Sunday, July 4, 2010

Missionaries for Jesus 14th Sunday OT Year C

14th Sunday OT Year C

Today's gospel picks up where we left off last week. Last week Jesus said to his disciples: follow me. This invitation from Jesus becomes the very source of our identity. We are followers of Jesus. This is what it means to be Christian. We follow Jesus, we spend time with him, we draw close to him. Today in the gospel Jesus gives us a mission.

Do you remember the story of Moses? After he received the law he became the leader of the people. They used to come to him night and day asking him to settle disagreements and to give them advice in their lives. However, it became too much for him. So, he selected 70 elders upon whom God sent the spirit of prophecy so that the mission of Moses might be carried out on a wider scale. Today Jesus does the same thing. He bestows upon the 70 disciples his own mission, he makes them his co-workers. We have all been asked to spread the gospel.

In other words, every member of the Church is a missionary. Do we see ourselves as missionaries? Do we see the mission of the church as our mission? We should. We should see the mission of the kingdom as our own mission. We find our satisfaction in life when the Church flourishes, when the gospel is spread. We are followers of Jesus, which means that we find our fulfillment in life by first experiencing the peace of the kingdom and then sharing that peace with others.

The harvest is plenty and the laborers few. How true this is! We usually use this passage in terms of vocations to the priesthood or religious life. And it is true! We should pray to God that he send us more priests, more brothers, more sisters. We need them. But that is not all the passage means. It means that all of us need to take responsibility for the spread of the gospel. All of us, by our very baptism, our relationship with Jesus, are missionaries. Every day you should ask yourself: what have I done to spread the gospel today? Spreading the gospel is not simply a job for the priests. Vatican II taught us that the mission of the laity is to bring the gospel to the corners of the world. There are places I can never reach: I cannot preach in your factories, banks, schools, or homes. You can! You will find joy if you do.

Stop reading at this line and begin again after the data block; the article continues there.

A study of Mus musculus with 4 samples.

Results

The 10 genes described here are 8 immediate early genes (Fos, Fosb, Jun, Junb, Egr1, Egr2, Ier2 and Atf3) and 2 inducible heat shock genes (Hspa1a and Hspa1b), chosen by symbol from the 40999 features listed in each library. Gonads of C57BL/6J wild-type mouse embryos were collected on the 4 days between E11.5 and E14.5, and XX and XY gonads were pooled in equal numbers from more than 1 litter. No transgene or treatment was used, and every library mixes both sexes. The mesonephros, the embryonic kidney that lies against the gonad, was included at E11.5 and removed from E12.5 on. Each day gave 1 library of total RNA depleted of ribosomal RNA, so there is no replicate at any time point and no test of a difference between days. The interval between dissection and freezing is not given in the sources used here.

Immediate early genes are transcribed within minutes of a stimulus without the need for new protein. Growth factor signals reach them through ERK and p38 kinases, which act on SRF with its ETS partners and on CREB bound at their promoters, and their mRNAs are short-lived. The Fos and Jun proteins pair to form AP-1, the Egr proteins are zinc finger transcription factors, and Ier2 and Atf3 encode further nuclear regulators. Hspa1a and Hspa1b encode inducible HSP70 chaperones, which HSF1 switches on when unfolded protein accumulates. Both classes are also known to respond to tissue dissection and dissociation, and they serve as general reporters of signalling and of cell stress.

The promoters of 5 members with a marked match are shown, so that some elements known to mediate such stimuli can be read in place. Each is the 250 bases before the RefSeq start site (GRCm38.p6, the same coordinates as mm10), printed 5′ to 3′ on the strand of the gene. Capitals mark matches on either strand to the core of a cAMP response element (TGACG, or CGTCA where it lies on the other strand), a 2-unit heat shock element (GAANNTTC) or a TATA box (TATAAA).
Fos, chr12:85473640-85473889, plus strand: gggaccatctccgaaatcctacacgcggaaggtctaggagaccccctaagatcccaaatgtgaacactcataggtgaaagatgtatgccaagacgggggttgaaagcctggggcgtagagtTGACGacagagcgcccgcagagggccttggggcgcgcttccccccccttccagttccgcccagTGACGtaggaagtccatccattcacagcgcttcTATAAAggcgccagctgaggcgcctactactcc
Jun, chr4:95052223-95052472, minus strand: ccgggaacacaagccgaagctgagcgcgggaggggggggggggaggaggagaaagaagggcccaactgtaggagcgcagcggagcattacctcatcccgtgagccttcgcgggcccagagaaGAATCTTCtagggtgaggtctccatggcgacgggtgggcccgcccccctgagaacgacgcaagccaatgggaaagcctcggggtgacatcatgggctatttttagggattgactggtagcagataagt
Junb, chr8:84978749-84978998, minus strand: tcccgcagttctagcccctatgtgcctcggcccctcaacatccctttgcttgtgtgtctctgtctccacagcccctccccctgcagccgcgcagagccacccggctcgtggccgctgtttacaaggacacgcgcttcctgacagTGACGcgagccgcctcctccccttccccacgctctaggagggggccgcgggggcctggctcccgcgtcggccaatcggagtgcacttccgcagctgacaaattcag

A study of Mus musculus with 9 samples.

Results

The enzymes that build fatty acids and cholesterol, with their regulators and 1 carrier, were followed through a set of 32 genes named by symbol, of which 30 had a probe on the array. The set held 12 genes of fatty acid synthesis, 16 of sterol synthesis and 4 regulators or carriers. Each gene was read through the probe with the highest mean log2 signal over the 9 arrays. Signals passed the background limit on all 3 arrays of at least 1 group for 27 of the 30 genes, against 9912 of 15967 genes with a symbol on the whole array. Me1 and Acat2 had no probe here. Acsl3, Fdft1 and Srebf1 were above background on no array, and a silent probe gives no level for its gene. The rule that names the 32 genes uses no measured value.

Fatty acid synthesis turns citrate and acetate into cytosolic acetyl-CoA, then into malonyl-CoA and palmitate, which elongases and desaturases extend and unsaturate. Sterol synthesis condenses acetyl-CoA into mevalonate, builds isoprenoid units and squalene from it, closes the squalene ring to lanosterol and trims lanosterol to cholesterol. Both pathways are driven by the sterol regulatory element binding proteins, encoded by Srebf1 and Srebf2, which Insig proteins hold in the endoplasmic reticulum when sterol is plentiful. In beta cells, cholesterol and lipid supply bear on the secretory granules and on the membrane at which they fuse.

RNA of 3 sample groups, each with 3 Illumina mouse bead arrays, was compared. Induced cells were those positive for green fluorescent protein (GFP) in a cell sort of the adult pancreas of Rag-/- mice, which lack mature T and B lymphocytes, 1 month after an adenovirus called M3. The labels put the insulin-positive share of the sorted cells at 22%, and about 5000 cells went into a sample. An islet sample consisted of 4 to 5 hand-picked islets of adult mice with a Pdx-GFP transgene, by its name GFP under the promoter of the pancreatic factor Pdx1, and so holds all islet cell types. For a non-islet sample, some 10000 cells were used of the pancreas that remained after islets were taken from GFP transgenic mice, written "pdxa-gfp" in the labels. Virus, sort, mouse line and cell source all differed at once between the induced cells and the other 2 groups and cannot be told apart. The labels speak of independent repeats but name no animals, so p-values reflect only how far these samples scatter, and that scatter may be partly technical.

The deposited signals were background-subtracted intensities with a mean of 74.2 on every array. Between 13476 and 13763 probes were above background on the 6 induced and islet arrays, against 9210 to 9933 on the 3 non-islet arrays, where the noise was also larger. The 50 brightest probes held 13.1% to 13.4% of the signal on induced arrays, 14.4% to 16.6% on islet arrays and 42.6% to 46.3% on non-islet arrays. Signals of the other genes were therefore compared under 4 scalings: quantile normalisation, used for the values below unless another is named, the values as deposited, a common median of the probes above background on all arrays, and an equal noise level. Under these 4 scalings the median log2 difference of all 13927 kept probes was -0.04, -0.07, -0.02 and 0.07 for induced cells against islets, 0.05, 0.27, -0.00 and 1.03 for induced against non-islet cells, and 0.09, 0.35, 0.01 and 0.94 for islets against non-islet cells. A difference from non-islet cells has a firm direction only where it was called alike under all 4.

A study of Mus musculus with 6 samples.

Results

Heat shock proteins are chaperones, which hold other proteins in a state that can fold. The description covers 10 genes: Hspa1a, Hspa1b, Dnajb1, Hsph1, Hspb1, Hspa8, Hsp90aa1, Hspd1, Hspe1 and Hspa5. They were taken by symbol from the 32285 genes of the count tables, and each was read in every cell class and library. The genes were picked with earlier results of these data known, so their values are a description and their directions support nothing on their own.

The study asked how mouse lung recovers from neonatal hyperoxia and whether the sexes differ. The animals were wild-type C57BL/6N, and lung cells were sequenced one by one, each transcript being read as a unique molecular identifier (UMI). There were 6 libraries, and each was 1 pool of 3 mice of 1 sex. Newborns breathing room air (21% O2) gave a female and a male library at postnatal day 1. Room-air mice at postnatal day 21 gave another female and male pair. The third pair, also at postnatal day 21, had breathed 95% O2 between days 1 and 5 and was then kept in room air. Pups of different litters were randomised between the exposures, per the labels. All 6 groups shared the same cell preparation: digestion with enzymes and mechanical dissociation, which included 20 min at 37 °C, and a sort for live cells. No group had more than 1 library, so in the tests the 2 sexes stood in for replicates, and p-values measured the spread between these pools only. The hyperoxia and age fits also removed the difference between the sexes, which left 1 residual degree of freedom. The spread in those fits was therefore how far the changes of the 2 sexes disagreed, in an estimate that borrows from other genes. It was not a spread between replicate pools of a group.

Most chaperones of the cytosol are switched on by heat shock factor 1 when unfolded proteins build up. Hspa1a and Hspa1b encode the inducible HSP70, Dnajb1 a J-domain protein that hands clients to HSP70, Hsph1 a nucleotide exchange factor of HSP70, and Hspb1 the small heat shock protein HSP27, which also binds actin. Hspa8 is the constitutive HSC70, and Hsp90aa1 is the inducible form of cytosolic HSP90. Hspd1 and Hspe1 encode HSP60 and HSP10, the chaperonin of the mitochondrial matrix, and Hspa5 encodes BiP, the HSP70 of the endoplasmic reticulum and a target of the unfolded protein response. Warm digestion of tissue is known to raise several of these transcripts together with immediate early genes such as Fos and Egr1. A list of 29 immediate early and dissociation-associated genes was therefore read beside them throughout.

How to become a missionary? First you must become enraptured by the gospel. At World Youth Day in Denver 1993 John Paul II told the youth of the world that they should never be ashamed of the gospel. However, at the end of the Mass, he changed his remarks. He said (paraphrased), during my homily I misspoke. I told you not to be ashamed of the gospel. I should have told you to be proud of the gospel. This is how we become missionaries of Christ, we must become proud of the gospel, like St. Paul we boast of the cross of Jesus Christ, we experience the joy of the gospel. A famous adage goes that one cannot give what one does not have. If you have not been possessed by the gospel you will never be able to share it with others.

It says in the gospel that Jesus sent these disciples to the places where he wished to go. It is Jesus, through the power of the Holy Spirit, who carries out the work of evangelization. Jesus is the one who does the work of conversion. Our job, as ambassadors of Christ, is to prepare the way.

Jesus first calls us to follow him, then he handed on his mission us. Each one of us, then, are missionaries for Christ. We will only be good missionaries if we are possessed by the gospel, for we will know Jesus and will desire to share this good news with the world. Are you ready to be a missionary for the gospel?